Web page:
A £30bn aid package for Africa agreed by the G8 last night will "lift the shadow of terrorism", Tony Blair said.
The Prime Minister contrasted the deal struck by leaders gathered at Gleneagles with the aims of those behind the London bombings.
After uniting to condemn Thursday's attacks the heads of the eight richest nations had come together to help Africa, Mr Blair said. He conceded the package did not meet the demands of all anti-poverty campaigners.
But he insisted: "We have made very substantial progress indeed. We do not, simply by this communique, make poverty history. But we do show it can be done and we do signify the political will to do it."
Campaigner Bob Geldof said measures agreed at the summit would save 10 million lives.
"Today is a great day for those 10 million people," Geldof said. "Was this a success? On aid, 10 out of 10, on debt eight out of 10. Time only will tell if this has been historic or not."
African development and climate change were the twin key issues placed on the agenda of the summit in Gleneagles, Scotland, by Mr Blair.
The Prime Minister insisted the agreements struck set a course to end global poverty and eventually bring the US on board to tackle greenhouse gas emissions.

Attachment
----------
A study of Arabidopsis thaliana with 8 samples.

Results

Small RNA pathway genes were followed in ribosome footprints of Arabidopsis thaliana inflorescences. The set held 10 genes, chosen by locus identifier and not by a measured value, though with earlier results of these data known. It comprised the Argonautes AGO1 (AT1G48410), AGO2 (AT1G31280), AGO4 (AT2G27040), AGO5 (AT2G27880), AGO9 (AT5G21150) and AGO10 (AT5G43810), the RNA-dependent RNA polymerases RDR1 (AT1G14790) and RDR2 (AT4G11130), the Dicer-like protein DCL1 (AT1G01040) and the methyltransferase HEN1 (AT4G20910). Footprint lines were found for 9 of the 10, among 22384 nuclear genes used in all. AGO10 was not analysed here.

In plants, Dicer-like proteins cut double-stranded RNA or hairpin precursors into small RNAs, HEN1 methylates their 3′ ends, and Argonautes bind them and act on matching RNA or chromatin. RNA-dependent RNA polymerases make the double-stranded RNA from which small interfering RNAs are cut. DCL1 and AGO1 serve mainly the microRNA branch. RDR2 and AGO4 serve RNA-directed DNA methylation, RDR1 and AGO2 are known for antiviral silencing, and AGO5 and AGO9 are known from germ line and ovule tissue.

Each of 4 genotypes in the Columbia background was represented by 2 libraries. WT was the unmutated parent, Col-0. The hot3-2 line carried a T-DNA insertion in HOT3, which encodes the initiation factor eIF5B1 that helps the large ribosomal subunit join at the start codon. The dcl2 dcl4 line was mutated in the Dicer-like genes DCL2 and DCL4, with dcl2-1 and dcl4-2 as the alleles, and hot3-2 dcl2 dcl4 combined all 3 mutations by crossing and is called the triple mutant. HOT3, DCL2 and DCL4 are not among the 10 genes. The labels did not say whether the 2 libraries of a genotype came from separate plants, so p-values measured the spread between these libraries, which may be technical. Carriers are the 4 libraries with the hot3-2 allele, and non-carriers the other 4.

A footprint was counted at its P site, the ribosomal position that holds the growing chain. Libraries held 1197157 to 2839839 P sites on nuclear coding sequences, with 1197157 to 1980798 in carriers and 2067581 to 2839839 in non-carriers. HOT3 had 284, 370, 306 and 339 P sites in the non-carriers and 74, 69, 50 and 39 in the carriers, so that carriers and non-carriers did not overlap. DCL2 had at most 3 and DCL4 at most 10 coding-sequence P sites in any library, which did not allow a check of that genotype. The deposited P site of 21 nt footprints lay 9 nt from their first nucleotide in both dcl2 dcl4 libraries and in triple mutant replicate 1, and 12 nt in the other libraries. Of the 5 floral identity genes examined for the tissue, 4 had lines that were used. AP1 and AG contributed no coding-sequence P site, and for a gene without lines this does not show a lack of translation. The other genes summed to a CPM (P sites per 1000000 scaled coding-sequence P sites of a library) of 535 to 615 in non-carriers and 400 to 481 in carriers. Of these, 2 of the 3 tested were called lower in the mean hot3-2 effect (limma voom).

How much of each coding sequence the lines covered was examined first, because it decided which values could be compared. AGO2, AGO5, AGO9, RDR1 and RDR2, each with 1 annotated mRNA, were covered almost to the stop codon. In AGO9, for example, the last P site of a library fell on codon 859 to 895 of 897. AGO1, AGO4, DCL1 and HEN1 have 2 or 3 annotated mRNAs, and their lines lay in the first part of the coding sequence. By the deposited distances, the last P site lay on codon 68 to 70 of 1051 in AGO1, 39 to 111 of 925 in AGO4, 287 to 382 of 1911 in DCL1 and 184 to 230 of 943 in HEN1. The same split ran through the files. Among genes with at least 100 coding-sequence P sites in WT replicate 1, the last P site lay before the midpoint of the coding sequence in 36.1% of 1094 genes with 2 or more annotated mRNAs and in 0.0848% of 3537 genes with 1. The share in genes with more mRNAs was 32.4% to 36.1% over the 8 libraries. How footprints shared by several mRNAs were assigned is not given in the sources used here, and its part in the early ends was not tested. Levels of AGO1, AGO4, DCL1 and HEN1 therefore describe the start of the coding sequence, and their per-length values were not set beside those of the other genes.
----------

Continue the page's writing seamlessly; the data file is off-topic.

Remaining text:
In addition to the Africa deal leaders had agreed to £1.80bn for the Palestinian Authority so "two states Israel and Palestine, two peoples and two religions can live side-by-side in peace" he said.
He admitted pushing for a deadline to end subsidies like those provided by the EU Common Agricultural Policy but predicted that would now happen at trade talks in December.
US President George Bush had paved the way to an agreement by suggesting American subsidies if the CAP was scrapped.
"I believe it should be and will be 2010 when we can end subsidies," he said.
That move was among the demands of the Africa Commissioner, established by Mr Blair, which also set the target of increasing annual aid to Africa by £30bn within 10 years.
It has been described as a minimum by many aid experts, who argue the sum is relatively small by G8 standards and could be given immediately.
Mr Blair compared the G8's attempts to save and improve lives with the terrorists who struck London.
"The purpose of terrorism is not only to kill and maim the innocent. It is to put despair and anger and hatred in people's hearts," he said.
"There is no hope from terrorism nor any future in it worth living and it is hope that is the alternative to this hatred.
"So we offer today this contrast with the politics of terror."